Outbound Links – An Overview

We get a lot of queries about the advisability of having outbound links to related resources in the content areas of a website, so we thought we’d put up an article on the various aspects of outbound links, to give you some information about the subject.

Outbound Links And Search Engines

Although it seems that many people are hesitant to link out, it’s worth it to bear in mind that although search engines rank pages based on their content and inbound links, (known as back links), the pages that they link out to also play a part in establishing a site on the internet.

Your outbound links shouldn’t only be link trades that are hidden away in some obscure corner of your site. It’s a good idea to try and mix quality outbound links into your site architecture, wherever they are relevant, and make sense.

Refusing to link out in an attempt to keep all of your PageRank for yourself can have a negative affect on the way that search engines see your site.

According to a forum post made by Google’s Matt Cutts on the WebmasterWorld forums, “Of course, folks never know when we’re going to adjust our scoring. It’s pretty easy to spot domains that are hoarding PageRank; that can be just another factor in scoring. If you work really hard to boost your authority-like score while trying to minimize your hub-like score, that sets your site apart from most domains.”

Linking Has Social Aspects

Part of linking relates to the social aspect of the internet. The idea behind this is that you give to get. Linking out to quality sites makes it that much more likely that you’ll get links back to your own site.

How Linking Out Can Help

Linking out to good quality, relevant sites, can have multiple advantages for you:

* Linking out to other related sites throughout your copy makes your site look like a more natural part of the web. It will give you a ranking boost in clustering search engines, and other major search engines may factor outbound links into their ranking algorithms.
* Linking out to related quality sites or pages offers your users additional useful information. If you refer them to good information, they will be more inclined to associate you with that good information and many of them will remember where they came from.
* Your site visitors and webmasters you mention will be inclined to link to your site if you provide a wealth of information and link out to additional relevant information.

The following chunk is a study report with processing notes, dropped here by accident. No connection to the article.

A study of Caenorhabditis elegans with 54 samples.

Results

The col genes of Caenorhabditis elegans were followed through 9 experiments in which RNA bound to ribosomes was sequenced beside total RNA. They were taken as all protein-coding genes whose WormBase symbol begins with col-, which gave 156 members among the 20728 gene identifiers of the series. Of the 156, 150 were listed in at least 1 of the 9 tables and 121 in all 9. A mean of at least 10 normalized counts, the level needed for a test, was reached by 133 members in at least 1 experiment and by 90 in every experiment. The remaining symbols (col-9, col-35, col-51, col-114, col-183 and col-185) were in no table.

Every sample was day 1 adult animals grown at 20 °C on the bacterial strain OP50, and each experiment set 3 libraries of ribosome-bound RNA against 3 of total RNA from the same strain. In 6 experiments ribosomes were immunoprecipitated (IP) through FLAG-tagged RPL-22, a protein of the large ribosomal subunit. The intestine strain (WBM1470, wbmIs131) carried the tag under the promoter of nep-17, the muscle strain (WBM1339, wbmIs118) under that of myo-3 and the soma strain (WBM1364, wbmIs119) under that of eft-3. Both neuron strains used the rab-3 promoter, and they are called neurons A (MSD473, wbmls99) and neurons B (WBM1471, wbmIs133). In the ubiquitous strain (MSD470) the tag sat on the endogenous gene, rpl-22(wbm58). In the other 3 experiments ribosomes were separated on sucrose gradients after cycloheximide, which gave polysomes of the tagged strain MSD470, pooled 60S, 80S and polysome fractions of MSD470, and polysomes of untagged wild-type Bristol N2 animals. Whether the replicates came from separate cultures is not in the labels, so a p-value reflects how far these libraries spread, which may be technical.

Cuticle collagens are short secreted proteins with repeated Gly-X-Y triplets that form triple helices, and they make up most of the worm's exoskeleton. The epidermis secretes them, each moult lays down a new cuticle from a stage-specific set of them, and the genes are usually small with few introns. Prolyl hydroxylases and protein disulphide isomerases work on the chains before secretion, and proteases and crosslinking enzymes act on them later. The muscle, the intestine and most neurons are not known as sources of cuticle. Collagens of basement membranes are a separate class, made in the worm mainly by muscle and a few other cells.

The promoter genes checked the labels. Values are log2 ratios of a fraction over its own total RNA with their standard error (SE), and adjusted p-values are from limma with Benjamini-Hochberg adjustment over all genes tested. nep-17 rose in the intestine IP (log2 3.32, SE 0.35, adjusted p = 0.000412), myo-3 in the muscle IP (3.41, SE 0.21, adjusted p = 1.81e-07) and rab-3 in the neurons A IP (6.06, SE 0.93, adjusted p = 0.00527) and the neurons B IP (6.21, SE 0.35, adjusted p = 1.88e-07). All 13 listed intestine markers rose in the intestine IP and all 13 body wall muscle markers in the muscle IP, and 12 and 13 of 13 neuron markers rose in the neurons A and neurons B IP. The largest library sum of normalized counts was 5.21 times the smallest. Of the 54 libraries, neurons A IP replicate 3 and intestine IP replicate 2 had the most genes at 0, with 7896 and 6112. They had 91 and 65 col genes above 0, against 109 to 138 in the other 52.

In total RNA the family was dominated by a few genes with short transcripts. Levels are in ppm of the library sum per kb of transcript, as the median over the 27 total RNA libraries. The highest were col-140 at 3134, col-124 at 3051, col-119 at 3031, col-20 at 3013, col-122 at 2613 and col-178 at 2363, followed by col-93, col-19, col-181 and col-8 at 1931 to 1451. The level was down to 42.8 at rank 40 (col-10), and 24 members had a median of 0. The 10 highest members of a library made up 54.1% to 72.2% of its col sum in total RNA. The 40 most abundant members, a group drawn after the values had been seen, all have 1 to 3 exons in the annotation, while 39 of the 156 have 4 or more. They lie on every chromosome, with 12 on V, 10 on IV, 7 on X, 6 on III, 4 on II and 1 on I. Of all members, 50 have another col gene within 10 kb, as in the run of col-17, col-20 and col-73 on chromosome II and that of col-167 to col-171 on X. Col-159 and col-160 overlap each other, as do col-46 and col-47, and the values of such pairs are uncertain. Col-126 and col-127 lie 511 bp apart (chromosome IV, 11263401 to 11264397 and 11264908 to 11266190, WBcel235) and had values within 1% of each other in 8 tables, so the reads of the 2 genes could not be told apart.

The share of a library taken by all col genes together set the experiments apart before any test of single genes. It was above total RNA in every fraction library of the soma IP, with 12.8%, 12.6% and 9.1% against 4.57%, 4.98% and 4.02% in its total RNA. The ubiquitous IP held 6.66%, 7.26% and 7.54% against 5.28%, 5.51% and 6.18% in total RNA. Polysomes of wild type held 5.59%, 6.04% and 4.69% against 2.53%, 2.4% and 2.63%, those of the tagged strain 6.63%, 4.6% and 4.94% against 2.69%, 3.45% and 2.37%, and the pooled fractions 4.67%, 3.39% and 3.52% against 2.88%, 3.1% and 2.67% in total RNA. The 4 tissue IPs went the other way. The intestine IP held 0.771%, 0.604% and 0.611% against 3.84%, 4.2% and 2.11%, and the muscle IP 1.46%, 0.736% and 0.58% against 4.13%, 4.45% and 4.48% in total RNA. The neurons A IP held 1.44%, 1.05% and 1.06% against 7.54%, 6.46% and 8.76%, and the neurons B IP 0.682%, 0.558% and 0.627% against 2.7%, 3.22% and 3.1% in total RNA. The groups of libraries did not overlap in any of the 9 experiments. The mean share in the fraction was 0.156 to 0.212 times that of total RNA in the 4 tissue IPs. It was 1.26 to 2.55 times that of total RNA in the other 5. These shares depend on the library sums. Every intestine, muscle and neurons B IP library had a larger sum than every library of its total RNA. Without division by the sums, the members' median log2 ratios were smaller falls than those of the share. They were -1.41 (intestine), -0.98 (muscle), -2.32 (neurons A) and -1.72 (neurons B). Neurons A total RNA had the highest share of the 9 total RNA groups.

* Linking out to relevant sites can save you from having to duplicate the internet in order to have a useful website.
* People you link out to are probably more likely to link back to you at some point.
* Linking out to sites with content relevant to your themes makes your site appear more legitimate if it ever gets scrutinised by search engines.

What To Link To

Here are some examples of sites that it could be worthwhile to link to:

* Any content you find useful, and that you would have created for your site if it did not already exist on the other site.
* Blogs or blog posts in your industry.
* Old content that relates to your industry.
* A Wikipedia article about your topic.
* Useful .edu or .gov pages about your topic.
* DMOZ or Yahoo! categories about your topic.
* Good quality informational or non-competitive sites ranking in the search results for your keywords or related phrases.
* Sites that are authorities on your topic or a slightly broader related topic.
* Controversial content in your field or related fields.

Bear These In Mind

Reciprocal Links

If you link to a lot of the sites that link to you, it can appear as though you’re engaged in a low value link trading program. In most cases though, as long as your marketing is both diverse and organic, you don’t need to worry about having some reciprocal links. They are a natural part of the internet. However, many reciprocal links only carry the illusion of value. If two pages without appreciable value are linking to each other, there’s no benefit being exchanged.


When you’re planning your site, you can link to competing services, and tools that you find useful. As your site grows however, it’s a good idea to invest in creating tools, applications or content that is better than those competing sites, and then point those links at your own content instead. If you do this, make sure that you are providing at least an equal quality alternative, and preferably a better one.

Can You Succeed Without Outbound Links?

Absolutely. Of course it’s possible to have a successful site without having outbound links. Relevance, site age, and keyword matching domain names all play important, and indeed vital, roles when it comes to your page ranking in search engine results.

But being part of the organic web, that network of interrelated and interconnected sites that allows the sharing of, and access too, information, has its role to play as well.

(For information about internal links, check out our article, Internal Links – An Overview.)